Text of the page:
Harmful Insect (Gaichu) [2001] • Japan

Aoi Miyazaki plays a thirteen year old girl whose mother attempts suicide after her father abandons the family. Her classmates gossip in the bathrooms about a supposed affair she had with her sixth grade teacher. She skips school and her only friend is killed by a gang. Her mother’s new boyfriend attempts to rape her. It’s seems awful to take such a cute and accomplished young actress and punish her for ninety minutes and call it a film, but it's the strength of Miyazaki's performance that makes Harmful Insect a powerful and haunting experience.

I was furious and hated this movie five minutes after it was over. It had seemed slow and unfocused and the ending, awful. I still think it’s an unpolished film, not that attractive to sit through, but I have a better appreciation for the vision of it after being unable to not think about it for a while. I won’t say exactly what the ending is, but it has to do with the sixth grade teacher who leaves the school and goes to work in a nuclear power plant amidst the rumors of a relationship with Miyazaki’s character. The film is punctuated throughout with screens of written correspondence between the teacher and Miyazaki. It’s not definitive that there was a sexual relationship and the ambiguity is important. That the two of them actually correspond is telling.

One of the best scenes in the film is when Miyazaki’s character is talking with a classmate she has started going out with. We’ve seen them innocently kiss and we see this as a first step, perhaps, in her trying to re-assimilate into a normal middle school life. The two characters are in an classroom, empty of people but full of desks. The boy inquires about the rumors surrounding her relationship with the teacher. Miyazaki, without hesitation, gently pulls one of the desks from the back of the room to the front, knocking it into rows of desks and chairs as she exits. It’s an outstanding scene and really highlights how well this sixteen year old actor is able to internalize her character’s angst and scream it out loud without making a sound.

I can’t say enough about how good Miyazaki’s performance is. I’ve mentioned how relentlessly her character is punished throughout the film. The amazing thing is how quietly and resigned, how maturely and almost positively, she responds to all of it. Her alienation is palpable and yet she wanders through the film with such strength of character it’s mesmerizing.

I still don’t think the film is assembled very well. If it weren’t for Miyazaki’s performance it would be difficult to engage. The lack of a traditional flow of ideas seems crass, too challenging for its own good. The exaggerated level of her abuse, coupled with her transcendent response to it, still makes me question the director's choice for the ending. It comes off like another slap in the face, a misguided attempt to inflict more pain in the viewer’s heart when something, anything, would have been more appropriate for the character. Ultimately, however, I guess it is the organic summation of the vision that the director set out to explore: bad things happen to good people and the alienation of youth is a train wreck of self-multiplying disasters that once begun is impossible to stop. It’s a shame that redemption is withheld from a character so deserving of it.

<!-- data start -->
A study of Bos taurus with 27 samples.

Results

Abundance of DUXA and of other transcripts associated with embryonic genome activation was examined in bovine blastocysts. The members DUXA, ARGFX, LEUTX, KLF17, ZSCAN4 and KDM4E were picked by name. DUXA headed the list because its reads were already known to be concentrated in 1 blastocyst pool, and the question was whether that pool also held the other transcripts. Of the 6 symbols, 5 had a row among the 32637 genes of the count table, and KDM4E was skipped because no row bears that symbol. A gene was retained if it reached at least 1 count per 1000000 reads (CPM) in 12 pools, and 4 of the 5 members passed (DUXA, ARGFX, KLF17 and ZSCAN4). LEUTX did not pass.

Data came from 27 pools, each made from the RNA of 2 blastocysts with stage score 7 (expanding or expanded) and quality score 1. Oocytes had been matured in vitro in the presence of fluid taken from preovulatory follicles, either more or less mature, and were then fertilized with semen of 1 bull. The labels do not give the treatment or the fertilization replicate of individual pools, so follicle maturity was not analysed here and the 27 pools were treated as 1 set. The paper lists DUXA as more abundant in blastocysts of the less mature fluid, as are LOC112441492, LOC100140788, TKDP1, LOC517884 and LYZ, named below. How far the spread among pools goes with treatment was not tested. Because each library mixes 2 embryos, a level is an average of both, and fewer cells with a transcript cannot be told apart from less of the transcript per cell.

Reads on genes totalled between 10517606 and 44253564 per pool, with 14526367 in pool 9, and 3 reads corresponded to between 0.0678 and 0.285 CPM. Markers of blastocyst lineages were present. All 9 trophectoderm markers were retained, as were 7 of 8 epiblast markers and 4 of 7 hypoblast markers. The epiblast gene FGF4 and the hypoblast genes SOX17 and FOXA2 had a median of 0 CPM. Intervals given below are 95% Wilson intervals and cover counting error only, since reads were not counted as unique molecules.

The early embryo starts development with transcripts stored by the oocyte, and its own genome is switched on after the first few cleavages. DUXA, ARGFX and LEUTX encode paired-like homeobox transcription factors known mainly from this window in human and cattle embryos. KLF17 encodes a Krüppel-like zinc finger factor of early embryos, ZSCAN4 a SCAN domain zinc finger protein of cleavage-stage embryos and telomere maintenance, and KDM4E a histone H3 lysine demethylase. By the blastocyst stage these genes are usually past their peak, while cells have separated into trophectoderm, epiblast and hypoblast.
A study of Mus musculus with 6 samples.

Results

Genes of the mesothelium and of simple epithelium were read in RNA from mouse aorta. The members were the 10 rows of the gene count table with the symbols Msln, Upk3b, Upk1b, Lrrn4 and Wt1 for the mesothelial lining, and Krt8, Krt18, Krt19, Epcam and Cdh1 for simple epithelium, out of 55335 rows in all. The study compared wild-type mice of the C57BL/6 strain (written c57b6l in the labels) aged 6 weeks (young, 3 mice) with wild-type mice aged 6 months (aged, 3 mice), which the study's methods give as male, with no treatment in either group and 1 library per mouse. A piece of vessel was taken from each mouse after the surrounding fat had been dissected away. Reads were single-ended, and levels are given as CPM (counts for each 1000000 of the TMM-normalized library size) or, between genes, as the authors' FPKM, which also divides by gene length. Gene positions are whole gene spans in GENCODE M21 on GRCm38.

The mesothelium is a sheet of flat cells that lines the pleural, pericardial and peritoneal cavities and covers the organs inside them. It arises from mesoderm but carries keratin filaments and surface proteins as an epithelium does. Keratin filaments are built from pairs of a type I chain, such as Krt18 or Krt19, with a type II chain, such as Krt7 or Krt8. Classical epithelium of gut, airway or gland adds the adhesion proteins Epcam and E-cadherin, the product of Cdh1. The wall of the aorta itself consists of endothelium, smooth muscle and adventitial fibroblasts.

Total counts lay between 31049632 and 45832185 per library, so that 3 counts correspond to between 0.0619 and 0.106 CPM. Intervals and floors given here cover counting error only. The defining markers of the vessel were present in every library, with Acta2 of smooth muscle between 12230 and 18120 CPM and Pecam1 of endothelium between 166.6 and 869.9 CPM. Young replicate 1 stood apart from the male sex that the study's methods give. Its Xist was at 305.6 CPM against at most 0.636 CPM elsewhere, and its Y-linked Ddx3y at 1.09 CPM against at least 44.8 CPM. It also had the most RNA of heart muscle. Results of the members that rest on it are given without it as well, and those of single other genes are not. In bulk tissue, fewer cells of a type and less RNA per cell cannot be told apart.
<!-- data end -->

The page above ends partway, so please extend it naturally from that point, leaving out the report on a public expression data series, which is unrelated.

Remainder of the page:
If you are a fan of Aoi Miyazaki you need to see this film just to see what she was capable of at age sixteen. It’s pretty powerful.


  1. I'm such a huge fan of Miyazaki's earlier work (Eureka, A Blue Automobile) and her performance here is one of my favourites. (And if I remember correctly, she was only 14 at the time of filming.) At such a young age, she was already so captivating an actress; when I think of youth alienation, I think of Miyazaki. It's a real shame, then, that her more recent works have left me largely unaffected.

    But onto the film, I think you've left out an important relationship -- that between Sachiko and Natsuko (Yu Aoi), that ever-optimistic classmate and pillar of strength.


    I thought the Sachiko/Natsuko friendship was the hightlight of the film. I loved how Natsuko waited outside Sachiko's home every morning without fail. I felt for her when she stepped aside, giving up her crush because she thought the relationship might offer Sachiko some stability. And my heart sank with her expression as she fumbled with her baton, preoccupied with the thought that she's lost her friend once and for all.

    As for the ending, I thought it was befitting, depressing as it was. I can relate to the desire of wanting Sachiko to find even a morsel of happiness, of hope, but at this point, when the train has already derailed, it would have come off as a cop-out. Besides, I kind of like the symbolism of Ogata and Sachiko missing each other by seconds. It seemed representative of their relationship. Even though he was her only confidant, their mode of communication (snail mail) meant that they were always too late with their words.

    And lastly, a big thanks for uploading that clip. It's one of my favourite scenes and I wish I had it handy at an earlier time!

  2. I think you're right about the Sachiko/Natsuko relationship and the point when Natsuko realizes she's lost Sachiko was almost as powerful as the end of the film. I wish, in looking for good things to say about this film that I would have mentioned it.

    I haven't thought of Miyazaki's career arc so much but as you mention it she was at a point the queen of independent disaffected youth. She's great. I recently watched Eureka, a film I can easily describe as a masterpiece, and Miyazaki, at like 12 years old, and without saying a word, is mesmerizing. A real talent.